Resident Rounds Part III. Case Report: Diaper Dermatitis Presenting as Pustules

September 2014 | Volume 13 | Issue 9 | Features | 1153 | Copyright © September 2014

Ann R. Tucker BA,a Ashley N. Emerson MD,a Julie P. Wyatt MD,b Robert T. Brodell MDc

aUniversity of Mississippi Medical Center, Jackson, MS
bDivision of Dermatology, Department of Otolaryngology and Communicative Services,
University of Mississippi Medical Center, Jackson, MS
cDivision of Dermatology, Department of Otolaryngology and Communicative Services, University of Mississippi Medical Center, Jackson, MS and University of Rochester School of Medicine and Dentistry, Rochester, NY

Diaper dermatitis is the most common dermatologic disorder of infancy. Its cause can often be determined clinically based on the clinical presentation. Primary diaper dermatitis is associated with irritants and spares the deep skin folds. Secondary diaper dermatitis is most often caused by Candida yeast overgrowth and typically presents as a well-defined area of beefy red erythema covering the diaper area and including the deep folds of skin with hallmark satellite pustules. Other causes include seborrheic dermatitis, psoriasis, acrodermatitis enteropathica, allergic contact dermatitis, Langerhans cell histiocytosis, and, in the setting of a primarily pustular eruption, bacterial folliculitis. A simple potassium hydroxide preparation (KOH) can confirm the diagnosis of candida diaper dermatitis and guide proper treatment.


A 3-month-old infant presented with a two-week history of worsening “diaper rash.” He presented with a primarily pustular eruption involving the lower abdomen, upper thighs, intertriginous zones, and genitalia, with only mild, background erythema without clearly definable borders. Super-absorbent disposable diapers had been used since birth. Zinc oxide paste was utilized with diaper changes for the two weeks since the rash appeared. This failed to produce any improvement. A potassium hydroxide preparation (KOH) from a pustule revealed budding yeast and pseudophyphae. A diagnosis of candida diaper dermatitis was made. Treatment with topical ketoconazole cream twice daily, continued use of superabsorbent diapers, and continued application of zinc oxide paste resulted in a 90% improvement within two weeks.


Diaper dermatitis is the most common dermatologic disorder of infancy in the United States. More than one million cases are diagnosed each year.1 A wide variety of factors may contribute to the development of this condition, including exposure to moisture, biochemical irritants, and changes in skin pH associated with exposure to excreta.2 Primary diaper dermatitis is considered to be a non-allergic dermatitis with the etiology arising from an impaired barrier function of the skin and external irritants3; however, Candida should be suspected as the causative agent in dermatitis lasting for greater than 3 days.3,4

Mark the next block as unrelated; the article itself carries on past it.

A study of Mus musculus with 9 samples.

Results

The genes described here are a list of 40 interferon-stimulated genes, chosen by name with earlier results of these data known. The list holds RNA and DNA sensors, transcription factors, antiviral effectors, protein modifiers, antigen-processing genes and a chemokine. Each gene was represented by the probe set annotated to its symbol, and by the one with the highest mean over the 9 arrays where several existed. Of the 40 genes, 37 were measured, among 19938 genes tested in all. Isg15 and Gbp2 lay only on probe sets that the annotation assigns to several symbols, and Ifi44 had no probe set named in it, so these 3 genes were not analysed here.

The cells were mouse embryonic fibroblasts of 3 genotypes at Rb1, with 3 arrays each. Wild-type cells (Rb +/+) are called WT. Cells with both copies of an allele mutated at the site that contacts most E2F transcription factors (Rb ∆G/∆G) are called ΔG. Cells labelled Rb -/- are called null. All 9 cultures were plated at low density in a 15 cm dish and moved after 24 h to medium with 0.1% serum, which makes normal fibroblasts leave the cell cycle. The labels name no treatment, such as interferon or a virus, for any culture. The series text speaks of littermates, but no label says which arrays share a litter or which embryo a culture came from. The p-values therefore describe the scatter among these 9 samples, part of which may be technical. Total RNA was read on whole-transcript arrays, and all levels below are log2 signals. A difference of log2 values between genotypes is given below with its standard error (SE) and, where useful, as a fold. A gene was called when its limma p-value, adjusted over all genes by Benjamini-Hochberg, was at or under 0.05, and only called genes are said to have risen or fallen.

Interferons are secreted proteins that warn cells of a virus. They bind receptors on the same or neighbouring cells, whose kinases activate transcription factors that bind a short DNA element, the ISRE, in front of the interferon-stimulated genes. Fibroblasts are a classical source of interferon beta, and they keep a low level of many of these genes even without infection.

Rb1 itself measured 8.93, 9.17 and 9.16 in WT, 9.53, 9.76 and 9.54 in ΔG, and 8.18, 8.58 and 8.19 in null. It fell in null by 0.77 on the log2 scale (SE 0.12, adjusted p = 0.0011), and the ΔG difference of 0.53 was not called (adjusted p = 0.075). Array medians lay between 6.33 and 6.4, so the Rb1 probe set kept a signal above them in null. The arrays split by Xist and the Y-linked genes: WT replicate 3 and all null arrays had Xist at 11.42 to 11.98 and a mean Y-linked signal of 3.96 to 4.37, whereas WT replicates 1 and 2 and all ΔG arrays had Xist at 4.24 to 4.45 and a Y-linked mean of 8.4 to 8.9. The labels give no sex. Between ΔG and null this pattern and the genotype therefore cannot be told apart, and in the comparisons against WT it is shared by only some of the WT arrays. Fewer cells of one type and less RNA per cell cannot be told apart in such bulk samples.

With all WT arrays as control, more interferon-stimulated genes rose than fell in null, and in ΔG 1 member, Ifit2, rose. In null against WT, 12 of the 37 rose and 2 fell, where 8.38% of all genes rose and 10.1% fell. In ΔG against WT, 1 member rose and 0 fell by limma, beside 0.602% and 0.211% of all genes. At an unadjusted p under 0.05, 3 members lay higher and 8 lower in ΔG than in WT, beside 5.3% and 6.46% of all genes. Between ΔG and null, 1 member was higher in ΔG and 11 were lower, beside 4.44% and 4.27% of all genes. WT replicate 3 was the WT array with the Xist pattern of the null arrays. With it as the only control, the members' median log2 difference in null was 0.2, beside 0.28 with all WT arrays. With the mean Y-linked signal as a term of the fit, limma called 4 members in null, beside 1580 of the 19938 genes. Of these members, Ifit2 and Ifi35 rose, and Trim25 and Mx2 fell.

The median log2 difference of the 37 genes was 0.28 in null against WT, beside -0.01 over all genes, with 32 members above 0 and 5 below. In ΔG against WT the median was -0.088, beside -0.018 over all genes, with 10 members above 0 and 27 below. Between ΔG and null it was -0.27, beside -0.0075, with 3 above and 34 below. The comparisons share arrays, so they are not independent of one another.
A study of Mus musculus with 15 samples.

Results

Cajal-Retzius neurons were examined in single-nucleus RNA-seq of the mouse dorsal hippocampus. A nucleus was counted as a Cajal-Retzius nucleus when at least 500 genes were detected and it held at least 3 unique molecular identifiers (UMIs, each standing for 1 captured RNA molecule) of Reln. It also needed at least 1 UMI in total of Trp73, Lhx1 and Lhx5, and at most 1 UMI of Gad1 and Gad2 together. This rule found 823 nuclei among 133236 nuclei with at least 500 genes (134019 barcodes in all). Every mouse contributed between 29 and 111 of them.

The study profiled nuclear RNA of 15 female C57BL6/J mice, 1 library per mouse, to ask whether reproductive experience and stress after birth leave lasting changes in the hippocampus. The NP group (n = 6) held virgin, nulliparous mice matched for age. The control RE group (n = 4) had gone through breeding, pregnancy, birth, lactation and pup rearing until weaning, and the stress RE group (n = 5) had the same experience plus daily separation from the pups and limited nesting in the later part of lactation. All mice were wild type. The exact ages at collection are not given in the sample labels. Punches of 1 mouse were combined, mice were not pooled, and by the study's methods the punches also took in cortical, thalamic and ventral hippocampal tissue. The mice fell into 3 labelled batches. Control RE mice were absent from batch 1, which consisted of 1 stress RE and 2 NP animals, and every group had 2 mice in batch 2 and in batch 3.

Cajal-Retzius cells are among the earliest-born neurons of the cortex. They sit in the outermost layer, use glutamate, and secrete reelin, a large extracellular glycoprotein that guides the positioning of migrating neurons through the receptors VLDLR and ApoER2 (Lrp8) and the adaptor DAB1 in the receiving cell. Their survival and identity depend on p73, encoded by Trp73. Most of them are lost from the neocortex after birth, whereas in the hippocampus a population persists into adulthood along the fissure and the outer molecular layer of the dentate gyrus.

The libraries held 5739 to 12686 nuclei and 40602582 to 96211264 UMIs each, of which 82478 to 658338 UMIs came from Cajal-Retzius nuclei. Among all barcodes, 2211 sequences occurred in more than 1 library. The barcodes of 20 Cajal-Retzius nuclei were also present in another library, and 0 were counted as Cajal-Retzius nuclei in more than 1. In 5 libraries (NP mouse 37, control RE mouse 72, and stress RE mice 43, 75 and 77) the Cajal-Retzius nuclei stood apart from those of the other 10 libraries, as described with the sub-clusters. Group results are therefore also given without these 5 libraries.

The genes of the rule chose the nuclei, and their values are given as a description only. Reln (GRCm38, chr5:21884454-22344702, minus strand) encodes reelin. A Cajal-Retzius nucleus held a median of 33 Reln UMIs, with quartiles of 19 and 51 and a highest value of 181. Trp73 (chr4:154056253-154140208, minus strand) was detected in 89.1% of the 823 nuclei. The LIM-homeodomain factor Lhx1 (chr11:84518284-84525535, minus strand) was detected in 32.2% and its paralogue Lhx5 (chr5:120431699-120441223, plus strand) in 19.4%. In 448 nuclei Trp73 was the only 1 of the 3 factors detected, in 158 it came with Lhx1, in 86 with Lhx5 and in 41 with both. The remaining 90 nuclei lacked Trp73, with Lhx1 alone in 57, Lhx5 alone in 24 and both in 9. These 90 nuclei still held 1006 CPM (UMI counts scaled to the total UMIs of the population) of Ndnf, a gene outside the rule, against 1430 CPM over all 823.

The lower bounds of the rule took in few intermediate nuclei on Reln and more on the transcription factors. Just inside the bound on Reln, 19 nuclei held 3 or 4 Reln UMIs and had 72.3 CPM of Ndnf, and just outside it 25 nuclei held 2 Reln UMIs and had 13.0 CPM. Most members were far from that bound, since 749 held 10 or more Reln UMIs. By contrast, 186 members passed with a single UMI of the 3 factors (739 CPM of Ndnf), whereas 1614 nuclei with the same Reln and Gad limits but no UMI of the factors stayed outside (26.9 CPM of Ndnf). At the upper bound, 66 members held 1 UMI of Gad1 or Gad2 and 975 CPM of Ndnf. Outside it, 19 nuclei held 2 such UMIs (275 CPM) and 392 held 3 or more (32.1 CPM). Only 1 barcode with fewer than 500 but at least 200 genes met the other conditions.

Candidal diaper dermatitis is a clinical diagnosis with a classic presentation including a sharply marginated zone of confluent, beefy red erythema on the upper thighs, lower abdomen, genitals, and unlike irritant diaper dermatitis, it involves the genital creases and skin folds. Satellite pustules are often present and are virtually pathognomonic for this condition.3 While primarily pustular candidal intertrigo presenting in neonates has been discussed in the literature,5 this atypical presentation has rarely been reported in infants. Seborrheic dermatitis must also be considered in diaper dermatitis of infancy. This diagnosis is suggested when erythematous, scaly papules and plaques with a yellow greasy scale occur in association with papulosquamous rashing on the scalp, cheeks, chest, and flexural areas. Isolated intertriginous seborrheic dermatitis can be difficult to distinguish clinically from other forms of diaper dermatitis.6 Since seborrheic dermatitis is associated with the presence of pityrosporon yeast, it often responds to the same topical antifungal treatment as Candidal dermatitis.
A stepwise approach is recommended when a pustular rash is present that is limited to the diaper area. First a KOH should be performed. Most cases with this presentation will demonstrate budding yeast and pseudohyphae, confirming the diagnosis of atypical Candida diaper dermatitis.5 These patients should be treated with an azole topical antifungal cream to attack the Candida yeast, which is the primary pathophysiologic basis for this condition. It is also prudent to use super-absorbent disposable diapers and barrier creams to limit irritation to skin made even more sensitive by barrier damaging effects of this infection. Systemic antifungals are rarely required. Of course, complete clearing of diaper dermatitis is often difficult until children are toilet-trained.